This title is the winner of the Forward Prize Best First Collection 2014.
It recieved PBS Recommendation 2014. 'When I became a bird, Lord, nothing could not stop me...' In Black Country, Liz Berry takes flight: to Wrens Nest, Gosty Hill, Tipton-on-Cut; to the places of home.
The poems move from the magic of childhood - bostin fittle at Nanny's, summers before school - into deeper, darker territory: sensual love, enchanted weddings, and the promise of new life.
In Berry's hands, the ordinary is transformed: her characters shift shapes, her eye is unusual, her ear attuned to the sounds of the Black Country, with 'vowels ferrous as nails, consonants / you could lick the coal from.' Ablaze with energy and full of the rich dialect of the West Midlands, this is an incandescent debut from a poet of dazzling talent and verve.
- Format: Paperback
- Pages: 80 pages
- Publisher: Vintage Publishing
- Publication Date: 07/08/2014
- Category: Poetry by individual poets
- ISBN: 9780701188573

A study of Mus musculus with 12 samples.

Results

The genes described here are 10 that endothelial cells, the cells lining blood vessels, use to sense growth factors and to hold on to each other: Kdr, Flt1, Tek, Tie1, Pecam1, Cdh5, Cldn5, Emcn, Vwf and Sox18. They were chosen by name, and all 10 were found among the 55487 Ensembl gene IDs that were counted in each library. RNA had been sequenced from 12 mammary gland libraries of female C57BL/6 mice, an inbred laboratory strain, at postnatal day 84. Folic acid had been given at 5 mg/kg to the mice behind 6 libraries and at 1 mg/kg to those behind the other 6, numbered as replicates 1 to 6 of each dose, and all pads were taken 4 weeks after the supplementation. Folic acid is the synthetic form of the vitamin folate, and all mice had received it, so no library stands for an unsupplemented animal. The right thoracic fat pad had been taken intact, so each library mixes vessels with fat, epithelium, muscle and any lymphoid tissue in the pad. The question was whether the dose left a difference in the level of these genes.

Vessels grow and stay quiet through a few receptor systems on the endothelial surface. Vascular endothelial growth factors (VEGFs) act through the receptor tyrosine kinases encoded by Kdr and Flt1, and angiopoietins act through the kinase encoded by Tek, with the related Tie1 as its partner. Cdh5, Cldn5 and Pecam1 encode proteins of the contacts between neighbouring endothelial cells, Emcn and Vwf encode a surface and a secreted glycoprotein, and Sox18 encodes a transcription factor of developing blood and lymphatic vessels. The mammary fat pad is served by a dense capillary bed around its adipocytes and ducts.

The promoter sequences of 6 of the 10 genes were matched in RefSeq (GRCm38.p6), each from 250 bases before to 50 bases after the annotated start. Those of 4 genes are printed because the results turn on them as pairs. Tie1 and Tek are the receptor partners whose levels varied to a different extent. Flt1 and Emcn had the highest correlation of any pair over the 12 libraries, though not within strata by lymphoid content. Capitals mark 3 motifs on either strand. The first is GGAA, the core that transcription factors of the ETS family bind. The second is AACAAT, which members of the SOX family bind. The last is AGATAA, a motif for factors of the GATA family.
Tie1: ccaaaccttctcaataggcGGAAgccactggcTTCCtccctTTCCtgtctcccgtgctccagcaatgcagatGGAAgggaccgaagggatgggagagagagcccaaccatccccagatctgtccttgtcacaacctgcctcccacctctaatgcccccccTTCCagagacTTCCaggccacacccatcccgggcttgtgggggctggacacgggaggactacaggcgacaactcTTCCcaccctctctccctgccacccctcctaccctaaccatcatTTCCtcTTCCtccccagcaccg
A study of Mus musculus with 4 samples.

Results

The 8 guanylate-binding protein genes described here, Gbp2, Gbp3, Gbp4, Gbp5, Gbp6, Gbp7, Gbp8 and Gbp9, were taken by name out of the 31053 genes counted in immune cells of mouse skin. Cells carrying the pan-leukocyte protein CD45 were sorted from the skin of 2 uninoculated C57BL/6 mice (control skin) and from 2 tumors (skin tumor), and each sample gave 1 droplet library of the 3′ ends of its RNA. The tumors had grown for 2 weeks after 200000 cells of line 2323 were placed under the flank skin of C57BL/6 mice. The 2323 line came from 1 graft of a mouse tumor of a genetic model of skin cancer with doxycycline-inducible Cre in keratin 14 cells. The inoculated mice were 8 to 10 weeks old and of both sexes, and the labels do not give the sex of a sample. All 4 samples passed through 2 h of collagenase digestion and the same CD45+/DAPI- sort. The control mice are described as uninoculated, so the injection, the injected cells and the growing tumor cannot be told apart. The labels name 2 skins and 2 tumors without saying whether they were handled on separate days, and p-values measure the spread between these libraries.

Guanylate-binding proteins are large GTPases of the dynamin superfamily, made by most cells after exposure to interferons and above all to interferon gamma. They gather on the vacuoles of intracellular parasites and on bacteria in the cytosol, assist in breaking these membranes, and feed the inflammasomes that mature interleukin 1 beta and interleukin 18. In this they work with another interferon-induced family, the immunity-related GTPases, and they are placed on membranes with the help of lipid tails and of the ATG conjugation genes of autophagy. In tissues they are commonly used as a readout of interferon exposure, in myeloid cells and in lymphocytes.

I resisted buying this even after loving a poem I had read from it somewhere as I am wary of the disappointment that often follows the purchase of well-reviewed collections by creative-writing graduates. And I have spent a lifetime trying to keep my accent 'in a box beneath the bed,/the lock rusted shut by hours of elocution/how now brown cow' - a West Midlands accent is not regarded very highly, something Berry wants to change. She wants to make the 'vowels ferrous as nails, consonantsyou could lick the coal from'- the whole Black Country culture which was the backbone of British industry, a subject for poetry. I was unable to resist, anyway, and am delighted that I bought it, and that Berry has just won the Felix Dennis Prize for it, which suggests that the voice has travelled (though the judges' agenda appeared to include the desire to spread the love of poetry to the masses - not that I'm quibbling with that).So - there are strong 'dialect' words here, requiring on page transition for the uninitiated. There are lots of references to Midlands life, which seems to be carrying on just as it did when I was a girl, many years ago - Berry has the poetic skill that allows her poems to be firmly rooted in place and yet to transcend both time and place, as in the brilliant Christmas Eve, when 'the Black Country is tinselled by sleet'. The collection opens with a poem called 'Bird,' the bird we have to become to leave our (wren's'! in-joke) nest and find our voices and fly away, and birds fly throughout, allowing access to the unknowable, letting the imagination soar. A fairytale magic pervades many of the poems - I was reminded, oddly, of Chagall. And I actually cried at one point,something that rarely happens, on reading My Mother's Wedding Shoes, with its ending:'Walk away, mah wench, from this town, that wedding.Tek your books an' yer sense an' keep on walking,even if yo hear me blarting, dow ever turn back.'That makes me cry both as a mother and as a daughter. Sadly on a wider level I suppose it also means that perhaps we have to get far from our roots before we can appreciate them.I thank Liz Berry for giving me back 'my' Black Country. She has written a brilliant collection that also lyrically covers family love ('traipsing home with your dad from the pit's/black skeleton, your hand in his pocket, close as a kiss') girls growing up, discovering sex and love, death and birth, personal yet universal, so - something for everyone!